The shares of Apple, maker of the iPhone 4S, iPad, and iPod, have plunged after a rare earnings underperformance. Is now a good time to consider Apple's stock? REUTERS

Apple's stock slid after a rare earnings miss -- the company earned $7.05 per share in the fourth quarter compared to the $7.39 per share Reuters consensus estimate -- with shares plunging to about $402 from $428 -- but just look on that pull-back as an opportunity to scoop-up shares.

In other words, Apple is on sale, so now is the time to catch this train before it leaves the station: I see a $550 Apple price by mid-2012.

Just put the iPhone 4S in the category of a new sensation, and it's one that bodes well for Apple's shares, first discussed here on Sept. 25, just after the shares closed the weekend at $403.30. I'm obviously reiterating my Buy call.

The licensing of Apple's (AAPL) iPhone 4S this month, to much-maligned cellphone service provider Sprint (S), not only has the capacity to rejuvenate Sprint, but it also could spark an iPhone 4S wave in the cellphone service provider sector. Further, it appears that wave has already started: Apple may sell as many as 4 million iPhone 4S units this weekend. Talk about a busy sales staff in local cellphone subscriber stores.

In other words, a renaissance in the sector -- one that attracts new minds (translation: subscribers) that previously hadn't considered the iPhone 4S or even a smartphone, and one that bodes well for Apple's shares.

Most investors know that the past 10 years, and in particular the lost decade of 2001-2008, was difficult for investors, but there are always companies that manage to outperform competitors and shine, and the iPhone 4S-clad Apple is one of them.

Apple's shares traded Wednesday down $18.70, to $403.54.

The iPhone 4S is also the last chance to buy a product developed by the late, great innovator, Steve Jobs. Simply, he was the Thomas Edison of our age and he left this life far too soon.

iPhone 4S-Boosted Revenues

Look for Apple's fiscal 2012 revenue to surge 20 to 25 percent -- and this is after a 67 percent revenue jump in fiscal 2011, boosted by the aforementioned iPhone 4S wave, and strong unit sales of the iPad and MacBook (Apple's name for laptops).

What's more, the above-mentioned robust sales trend means iTunes revenue will also increase at an impressive rate in fiscal 2012, as Apple's hardware sales lead to more downloads of apps, music and movies.

The lone negative in Apple's line-up? The iPod, whose market share will likely decline, due to market saturation and Apple's huge market share in the sector.

The Thomson Reuters First Call FY2011/FY2012 EPS estimates for Apple are $27.70 to $32.92, respectively. That FY2011 earnings per share estimate looks about 10 percent too low, and the FY2012 EPS estimate looks about 10 to 15 percent too low, according to my analysis. Reuters also expects Apple to register fiscal 2011 revenue of $108.6 billion, and fiscal 2012 revenue of $133.2 billion

Margins should total about 40 percent in fiscal 2011 and 41 percent in fiscal 2012, as Apple ramps up iPhone and iPad production, benefits from economies of scale and eliminates inefficiencies detected in the ramping up process.

There's some concern among analysts regarding softer demand for desktops and laptops, but the iPhone 4S revenue stream will more than make up for it.

Meanwhile, Apple's cutting-edge design capabilities, product durability, marketing prowess and strong free cash flow can scare off only the lowest-risk investors.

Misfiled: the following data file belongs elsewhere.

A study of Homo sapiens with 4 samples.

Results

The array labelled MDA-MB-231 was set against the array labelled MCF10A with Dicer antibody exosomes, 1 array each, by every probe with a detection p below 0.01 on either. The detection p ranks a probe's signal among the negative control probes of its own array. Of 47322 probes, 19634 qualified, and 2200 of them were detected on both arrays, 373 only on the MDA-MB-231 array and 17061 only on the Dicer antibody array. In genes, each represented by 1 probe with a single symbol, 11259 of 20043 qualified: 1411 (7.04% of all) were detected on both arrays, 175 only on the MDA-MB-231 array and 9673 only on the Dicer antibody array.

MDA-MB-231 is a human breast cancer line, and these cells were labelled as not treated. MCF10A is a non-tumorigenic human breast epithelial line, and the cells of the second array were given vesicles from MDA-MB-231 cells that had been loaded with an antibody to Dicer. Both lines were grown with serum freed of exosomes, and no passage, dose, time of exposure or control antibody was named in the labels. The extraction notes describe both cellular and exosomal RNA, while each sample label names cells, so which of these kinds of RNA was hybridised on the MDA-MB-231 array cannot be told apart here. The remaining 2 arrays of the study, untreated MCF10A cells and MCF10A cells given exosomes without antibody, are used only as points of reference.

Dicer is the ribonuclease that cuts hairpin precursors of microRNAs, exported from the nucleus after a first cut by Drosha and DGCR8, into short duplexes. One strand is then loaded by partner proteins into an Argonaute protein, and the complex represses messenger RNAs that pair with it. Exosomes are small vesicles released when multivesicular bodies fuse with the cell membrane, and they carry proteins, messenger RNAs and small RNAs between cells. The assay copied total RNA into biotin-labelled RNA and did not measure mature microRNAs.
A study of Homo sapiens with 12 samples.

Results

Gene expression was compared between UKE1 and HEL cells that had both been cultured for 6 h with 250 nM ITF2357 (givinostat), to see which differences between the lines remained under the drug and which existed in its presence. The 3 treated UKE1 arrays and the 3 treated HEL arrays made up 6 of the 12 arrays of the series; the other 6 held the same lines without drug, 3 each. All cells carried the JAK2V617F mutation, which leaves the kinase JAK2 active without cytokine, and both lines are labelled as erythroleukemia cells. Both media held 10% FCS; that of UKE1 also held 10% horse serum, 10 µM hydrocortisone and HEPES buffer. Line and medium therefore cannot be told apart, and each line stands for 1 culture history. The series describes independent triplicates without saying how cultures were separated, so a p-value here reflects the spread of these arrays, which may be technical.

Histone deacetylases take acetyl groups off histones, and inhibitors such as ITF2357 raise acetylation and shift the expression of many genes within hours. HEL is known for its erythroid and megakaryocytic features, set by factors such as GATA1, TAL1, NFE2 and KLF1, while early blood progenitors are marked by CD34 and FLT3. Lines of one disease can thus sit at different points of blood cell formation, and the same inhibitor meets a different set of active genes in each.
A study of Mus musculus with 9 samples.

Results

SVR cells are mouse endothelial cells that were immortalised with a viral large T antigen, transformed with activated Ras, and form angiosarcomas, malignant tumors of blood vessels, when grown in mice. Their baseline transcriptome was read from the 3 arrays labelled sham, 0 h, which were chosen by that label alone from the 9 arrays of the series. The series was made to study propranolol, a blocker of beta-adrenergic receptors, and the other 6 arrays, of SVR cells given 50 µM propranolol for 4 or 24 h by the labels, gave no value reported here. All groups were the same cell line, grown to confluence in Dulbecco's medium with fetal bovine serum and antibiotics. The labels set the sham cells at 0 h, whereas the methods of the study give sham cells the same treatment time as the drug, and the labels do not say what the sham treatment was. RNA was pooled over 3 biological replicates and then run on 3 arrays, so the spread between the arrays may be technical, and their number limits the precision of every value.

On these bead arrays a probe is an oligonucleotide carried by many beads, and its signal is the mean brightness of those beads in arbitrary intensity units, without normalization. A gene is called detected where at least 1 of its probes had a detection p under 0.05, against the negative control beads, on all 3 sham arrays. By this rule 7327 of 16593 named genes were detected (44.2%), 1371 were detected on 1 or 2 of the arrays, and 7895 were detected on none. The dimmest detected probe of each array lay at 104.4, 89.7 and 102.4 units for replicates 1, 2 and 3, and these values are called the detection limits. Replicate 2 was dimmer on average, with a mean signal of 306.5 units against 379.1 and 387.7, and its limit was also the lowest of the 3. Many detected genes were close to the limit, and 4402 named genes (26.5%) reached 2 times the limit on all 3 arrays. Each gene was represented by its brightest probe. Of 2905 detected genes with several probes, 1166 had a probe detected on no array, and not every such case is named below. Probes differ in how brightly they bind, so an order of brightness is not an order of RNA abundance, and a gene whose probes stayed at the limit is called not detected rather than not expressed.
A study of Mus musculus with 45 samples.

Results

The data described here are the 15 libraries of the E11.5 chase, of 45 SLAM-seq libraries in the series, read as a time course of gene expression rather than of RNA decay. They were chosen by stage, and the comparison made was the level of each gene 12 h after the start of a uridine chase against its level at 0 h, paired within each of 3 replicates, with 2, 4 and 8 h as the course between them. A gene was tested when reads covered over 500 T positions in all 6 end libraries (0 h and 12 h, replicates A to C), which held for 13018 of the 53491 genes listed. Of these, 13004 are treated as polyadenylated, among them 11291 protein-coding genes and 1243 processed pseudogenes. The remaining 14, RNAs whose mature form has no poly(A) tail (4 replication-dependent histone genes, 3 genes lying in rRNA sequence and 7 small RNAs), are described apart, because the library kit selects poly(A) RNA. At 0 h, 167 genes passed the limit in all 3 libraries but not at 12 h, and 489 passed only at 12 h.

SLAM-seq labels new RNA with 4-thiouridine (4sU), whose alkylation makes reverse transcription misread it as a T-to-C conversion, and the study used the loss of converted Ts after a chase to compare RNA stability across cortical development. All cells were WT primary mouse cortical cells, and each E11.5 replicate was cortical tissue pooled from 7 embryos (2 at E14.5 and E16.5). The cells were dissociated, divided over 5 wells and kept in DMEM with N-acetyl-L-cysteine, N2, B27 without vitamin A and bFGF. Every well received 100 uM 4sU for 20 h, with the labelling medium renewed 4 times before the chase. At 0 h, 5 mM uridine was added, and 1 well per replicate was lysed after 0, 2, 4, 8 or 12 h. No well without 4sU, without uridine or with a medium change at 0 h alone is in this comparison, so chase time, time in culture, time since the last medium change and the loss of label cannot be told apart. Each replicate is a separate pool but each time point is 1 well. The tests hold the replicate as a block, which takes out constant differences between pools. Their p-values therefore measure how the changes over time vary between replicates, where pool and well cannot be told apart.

Apple is that rare technology company you can buy for your kid's college fund and in 10 years, you'll be glad you did. That's a testament to founder Steve Jobs -- an American icon.

Technical Analysis: Technically, Apple's shares have handled the U.S. stock market's recent volatility very well. The stock cycled between $325 and $360 for much of the first half of 2011, then vectored to $400 in the summer. A roughly (and healthy) 30 percent correction followed to about $360, before the stock retook the $400 level in September. Even better, Apple's shares have been above the key 50-day moving average for about three months -- a bullish sign -- with touches of the line met with buying pressure. As of mid-October, Apple's technical data revealed that Apple's train is about set to leave the station.

Where's Apple headed? Most likely, to $450 by the end of 2011, and to $550 by mid-2012.

What's more, Apple's P/E of 15 isn't low, but it's not high either, given the company's growth rate and potential, and if institutional investors ever sense that the global financial crisis is over, Apple may be granted a higher P/E. If the latter becomes a reality, Apple will venture higher in late 2012 to $600.

Stock Category: As noted, an iPhone 4s-clad Apple is an exception to the tech sector rule that argues against adding tech stocks to your kid's college fund. Apple is battle-tested and symbolizes U.S. innovation capabilities: Its shares are headed north, assuming even sluggish 2012 U.S. GDP growth. However, consider Apple only if you have the patience to wait two years to realize a capital gain. There's also a 2 percent chance you'll lose your entire investment with Apple over a 10-year period.

2011 Outlook: I view Apple as a long-term play, but if you're looking to sell within the year, it's probably best to take your profits after it rises to between $450 and $475, if it fails to rise above $500.

Stock Analysis: Apple is a moderate-risk stock. If an investor has already purchased the company's shares, I'd hold them. If not, I'd consider buying a 50 percent position now; then buy another 50 percent in one month, if U.S. economic conditions don't worsen substantially. I'd put a sell/stop loss order at: $220.


L.C. Jacobs has no positions in stocks reviewed, but does own federal, municipal, and corporate bonds.